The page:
The agency, mired in scandals and battling low morale, has no plan, or funding set aside, to start hiring replacements, who take months to vet and train.

Law enforcement experts say the retirement surge, coupled with the agency’s growing workload, could cost taxpayers money, imperil public safety, or both.

“When you lose troopers, you either have to spend overtime to replace the things they were doing or you have to stop the things they were doing and have less of a presence in those areas,” said policing expert Robert Wasserman. Often “it ends up being a mix.”


During the last decade, the most departures in a single year was 125 in 2008, well below the agency’s trajectory this year, especially given the customary spike in retirements as the end of the year approaches.

“It’s a real challenge, and it’s something people should be concerned about,” added Wasserman, who runs a Massachusetts-based public safety consulting firm.

About 20 of this year’s departures were linked to recent controversies. Most of them were connected to the overtime scandal, which is the focus of an internal audit as well as federal and state criminal probes that have charged eight current or former members with embezzlement or fraud.

Other retirements this year were expected, according to State Police spokesman David Procopio. He attributed many departures to troopers either reaching retirement eligibility recently or already-eligible members reaching benchmarks to collect higher pensions.


“The tremendous majority of MSP personnel who do their jobs every day with integrity, courage, and professionalism are more motivated than ever to show that they are what this department is truly about,” Procopio said in an e-mail.

But the union representing most of the force has cited dismal morale for the troopers’ departures.

“Despite the fact that many of the scandals have emanated from missteps by Massachusetts State Police management and a very small percentage of troopers, the average trooper has been vilified by the media,” said Dana Pullman, then head of the union, in a recent e-mail. Pullman made the statement about two weeks before he abruptly resigned Friday from his post as union president amid a federal investigation into possible illegal reimbursement of campaign donations by union members.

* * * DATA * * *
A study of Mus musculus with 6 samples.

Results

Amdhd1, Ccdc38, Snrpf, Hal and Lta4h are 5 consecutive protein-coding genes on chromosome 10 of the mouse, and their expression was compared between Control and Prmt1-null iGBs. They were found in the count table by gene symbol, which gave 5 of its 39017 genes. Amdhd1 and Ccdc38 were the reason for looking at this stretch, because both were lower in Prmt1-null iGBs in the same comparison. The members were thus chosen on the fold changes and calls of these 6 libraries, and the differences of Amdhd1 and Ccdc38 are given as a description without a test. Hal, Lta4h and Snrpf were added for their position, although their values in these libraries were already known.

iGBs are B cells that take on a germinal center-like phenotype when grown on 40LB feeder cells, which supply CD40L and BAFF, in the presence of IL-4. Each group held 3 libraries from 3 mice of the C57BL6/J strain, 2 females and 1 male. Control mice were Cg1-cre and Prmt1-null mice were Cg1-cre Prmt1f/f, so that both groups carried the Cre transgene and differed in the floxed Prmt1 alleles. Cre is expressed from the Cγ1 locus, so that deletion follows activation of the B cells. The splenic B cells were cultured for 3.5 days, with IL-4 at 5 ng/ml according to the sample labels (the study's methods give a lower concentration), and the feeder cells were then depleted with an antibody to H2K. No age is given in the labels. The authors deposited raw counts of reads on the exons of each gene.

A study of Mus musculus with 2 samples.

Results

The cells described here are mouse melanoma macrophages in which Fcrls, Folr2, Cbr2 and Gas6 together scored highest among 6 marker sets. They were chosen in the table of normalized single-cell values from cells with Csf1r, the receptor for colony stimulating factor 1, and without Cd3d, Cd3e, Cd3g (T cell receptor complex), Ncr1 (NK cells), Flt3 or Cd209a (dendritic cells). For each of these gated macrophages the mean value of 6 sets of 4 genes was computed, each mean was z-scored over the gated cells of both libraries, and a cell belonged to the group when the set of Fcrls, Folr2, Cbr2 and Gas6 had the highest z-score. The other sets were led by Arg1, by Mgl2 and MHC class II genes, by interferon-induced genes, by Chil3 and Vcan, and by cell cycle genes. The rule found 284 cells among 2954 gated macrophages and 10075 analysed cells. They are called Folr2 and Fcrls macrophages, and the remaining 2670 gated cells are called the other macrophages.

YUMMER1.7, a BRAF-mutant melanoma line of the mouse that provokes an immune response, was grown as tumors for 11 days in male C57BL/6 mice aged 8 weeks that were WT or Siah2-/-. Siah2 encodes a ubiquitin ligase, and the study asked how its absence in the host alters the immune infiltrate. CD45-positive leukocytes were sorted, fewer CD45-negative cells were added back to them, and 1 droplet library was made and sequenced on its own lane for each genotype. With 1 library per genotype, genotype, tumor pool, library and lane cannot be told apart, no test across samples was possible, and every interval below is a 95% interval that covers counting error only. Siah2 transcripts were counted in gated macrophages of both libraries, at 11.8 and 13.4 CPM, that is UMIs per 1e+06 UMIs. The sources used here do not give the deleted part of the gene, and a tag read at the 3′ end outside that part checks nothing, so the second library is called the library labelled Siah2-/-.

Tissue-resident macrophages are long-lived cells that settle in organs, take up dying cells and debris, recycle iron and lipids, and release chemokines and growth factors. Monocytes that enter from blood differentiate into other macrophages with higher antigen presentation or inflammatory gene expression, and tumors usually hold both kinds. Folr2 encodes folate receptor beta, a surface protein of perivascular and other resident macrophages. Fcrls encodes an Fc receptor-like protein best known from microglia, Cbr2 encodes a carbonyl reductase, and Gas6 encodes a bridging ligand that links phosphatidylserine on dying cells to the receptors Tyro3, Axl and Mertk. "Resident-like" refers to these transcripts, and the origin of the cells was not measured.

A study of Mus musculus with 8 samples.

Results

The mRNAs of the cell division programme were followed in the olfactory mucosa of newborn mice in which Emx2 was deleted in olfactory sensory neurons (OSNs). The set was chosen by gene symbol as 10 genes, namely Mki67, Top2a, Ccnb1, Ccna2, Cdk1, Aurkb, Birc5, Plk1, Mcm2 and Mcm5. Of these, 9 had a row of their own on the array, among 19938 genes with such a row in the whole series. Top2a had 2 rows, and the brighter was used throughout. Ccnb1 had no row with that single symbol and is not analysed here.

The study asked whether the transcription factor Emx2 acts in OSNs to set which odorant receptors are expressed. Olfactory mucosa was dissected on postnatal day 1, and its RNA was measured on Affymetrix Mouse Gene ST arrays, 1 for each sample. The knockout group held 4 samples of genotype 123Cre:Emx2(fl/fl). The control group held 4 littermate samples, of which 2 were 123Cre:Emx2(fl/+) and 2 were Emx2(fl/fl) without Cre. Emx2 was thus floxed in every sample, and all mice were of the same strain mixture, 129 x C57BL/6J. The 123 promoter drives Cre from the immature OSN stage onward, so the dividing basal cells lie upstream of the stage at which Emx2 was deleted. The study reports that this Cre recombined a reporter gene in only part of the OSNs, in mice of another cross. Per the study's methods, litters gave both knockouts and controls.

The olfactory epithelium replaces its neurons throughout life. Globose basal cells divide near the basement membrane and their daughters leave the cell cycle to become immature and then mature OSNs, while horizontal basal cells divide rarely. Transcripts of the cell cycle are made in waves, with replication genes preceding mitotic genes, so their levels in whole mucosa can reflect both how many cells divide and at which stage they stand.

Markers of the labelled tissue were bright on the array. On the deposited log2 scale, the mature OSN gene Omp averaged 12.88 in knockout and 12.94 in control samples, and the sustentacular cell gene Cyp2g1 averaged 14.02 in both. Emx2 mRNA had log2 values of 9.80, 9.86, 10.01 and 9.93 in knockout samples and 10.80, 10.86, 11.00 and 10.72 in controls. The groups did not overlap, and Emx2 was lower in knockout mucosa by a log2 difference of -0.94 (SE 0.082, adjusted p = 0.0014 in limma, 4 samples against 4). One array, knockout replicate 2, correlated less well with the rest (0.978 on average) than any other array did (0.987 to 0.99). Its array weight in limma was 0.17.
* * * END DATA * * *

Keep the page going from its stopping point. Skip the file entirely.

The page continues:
“If our leadership doesn’t stand up for every trooper doing the right thing, then we will continue to lose some of our best and brightest.” Pullman added. “The ongoing challenges in the department will likely encourage more retirements.”

Former members and experts said there probably is also concern among troopers about fewer opportunities for overtime and raises, given the recent public scrutiny.

The exodus of troopers this year has cost the agency nearly $4.9 million in one-time payouts to outgoing troopers for unused time-off benefits.

The retirements come as agency leaders are vowing to cut overtime amid allegations of payroll fraud and public outcry over hefty payouts.

Through August, overtime spending was down by about $2.6 million, or 7 percent, compared to the same period last year, despite the retirements.

But union officials say the department needs to hire more troopers if it wants to eliminate waste on overtime, because the personnel shortage and growing responsibilities force the agency to backfill patrols with overtime shifts.


There are about 2,150 troopers employed department-wide, though dozens of those members are unavailable to work because they’re suspended or on injured leave.

The agency has repeatedly said it needs at least 2,500 troopers, citing studies by outside researchers and staff in the early 1990s and mid-2000s. The department reached the 2,500-trooper level only once, in 2007.

State Police officials say there is no room in the agency’s $339 million annual budget to fund recruits and they must instead rely on lawmakers to approve additional funding. This summer, legislators rejected calls by the department and Governor Charlie Baker for $5.2 million to fund a new class.

The Legislature has funded eight recruit classes since 2001, an average of about one every other year. The most recent class joined in January.

As troopers have bolted, the workload has grown.

To keep up with policing the state’s blooming casino industry, the agency’s Gaming Enforcement Unit will soon have on staff 40-plus troopers, up from just a handful a few years ago. Another 10 positions were created this spring in internal inspection and investigatory units; a Division of Homeland Security and Preparedness launched last year added 25 more spots.

Meanwhile, the State Police has refused requests from Boston police to share policing duties in the city’s now-bustling Seaport area.



Matt Rocheleau can be reached at matthew.rocheleau@globe.com.Follow him on Twitter @mrochele.